Kenny MacIver – November 2014

Technology and business experts — from UBS CIO Oliver Bussmann to innovation designer Vito Di Bari — outline the drivers of the new industrial age.

“We are just in the early stages of the digital revolution — the second machine age. The technologies are here and we are only beginning to understand what the implications are.”

MIT professor of digital business Erik Brynjolfsson is not alone in observing that mankind is at an inflexion point that will have a profound impact on the structure of society, how work is organized, the shape of future business models, how markets operate, the distribution of wealth and more.

And he argues that CIOs will play a central role in leading that revolution. “The second machine age is a huge opportunity and a huge challenge for CXOs of all levels, especially CIOs. If they are smart they should be leading this challenge and helping other executives in the organization to understand the profound implications of the technology [change].”

Every industry will need to be rethought from the ground up, he argues. “CIOs can be the leaders of that because they understand the technology, and the good ones also understand the customer needs and the processes that need to be transformed,” he says.

Certainly some CIOs appreciate their pivotal role. “The CIO has to be in the driver’s seat, managing through this [era of] digital disruption,” says Oliver Bussmann, group CIO at UBS, the Swiss banking group.
All change

However, the scope of change is on an unprecedented scale, says Tsuneo Kawatsuma, CTO and CIO at global ICT company Fujitsu. “Everything will change in this industrial revolution. The whole set of processes — from manufacturing to market, will change,” he predicts.

A key influence on that will be The Internet of Things, the connection of billions of currently analog objects to the Internet, he suggests. “Having computers embedded in the products we use every day will bring a revolution to our lives,” says Kawatsuma.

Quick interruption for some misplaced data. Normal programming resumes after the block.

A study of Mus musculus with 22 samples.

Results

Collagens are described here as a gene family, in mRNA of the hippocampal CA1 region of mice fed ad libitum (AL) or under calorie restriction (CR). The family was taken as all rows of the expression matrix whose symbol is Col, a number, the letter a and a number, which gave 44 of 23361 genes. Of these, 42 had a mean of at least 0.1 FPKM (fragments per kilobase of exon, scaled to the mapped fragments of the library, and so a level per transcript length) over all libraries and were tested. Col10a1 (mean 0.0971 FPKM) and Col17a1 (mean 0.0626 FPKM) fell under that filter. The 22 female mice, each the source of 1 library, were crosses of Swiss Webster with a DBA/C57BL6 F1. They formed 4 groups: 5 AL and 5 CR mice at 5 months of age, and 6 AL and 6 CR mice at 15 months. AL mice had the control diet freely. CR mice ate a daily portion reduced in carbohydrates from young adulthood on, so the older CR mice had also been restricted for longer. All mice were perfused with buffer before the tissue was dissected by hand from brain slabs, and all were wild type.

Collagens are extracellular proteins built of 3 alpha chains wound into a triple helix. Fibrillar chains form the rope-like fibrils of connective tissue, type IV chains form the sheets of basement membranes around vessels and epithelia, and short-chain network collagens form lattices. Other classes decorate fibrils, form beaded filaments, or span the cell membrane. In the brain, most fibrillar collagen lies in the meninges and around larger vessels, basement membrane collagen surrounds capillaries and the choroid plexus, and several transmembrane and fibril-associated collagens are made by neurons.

In the same way appliances such as washing machines and irons were radically redesigned to take advantage of the invention of electricity generation, the digital revolution will demand a complete rethink of almost every kind of product category, with profound implications for existing businesses and markets.

“Everything has to be redesigned, reengineered, resold,” argues innovation designer Vito Di Bari. He sees that as nothing short of a “new economical renaissance,” one that will be driven by the CIO as someone best-placed to appreciate the nature of the revolution.

People in the C-suite need to recognize that IT is no longer about simply buying systems and software, says MIT’s Brynjolfsson: “Most of it is in the rethinking of opportunities, finding new ways to reach your customers, working with suppliers, coordinating the workforce, rethinking business processes and imagining new products and services. The creativity is almost limitless in terms of what potentially could be done. And we see winning companies as the ones that embrace these new technologies to do new things.”

First published
November 2014
Insight from management gurus and business authors Seth Godin, Erik Brynjolfsson, Vito Di Bari, Martha Heller and Mark Hurst, plus CTOs and CIOs Oliver Bussmann, Harper Reed, Jeroen Tas, Tsuneo Kawatsuma and Dr Joseph Reger.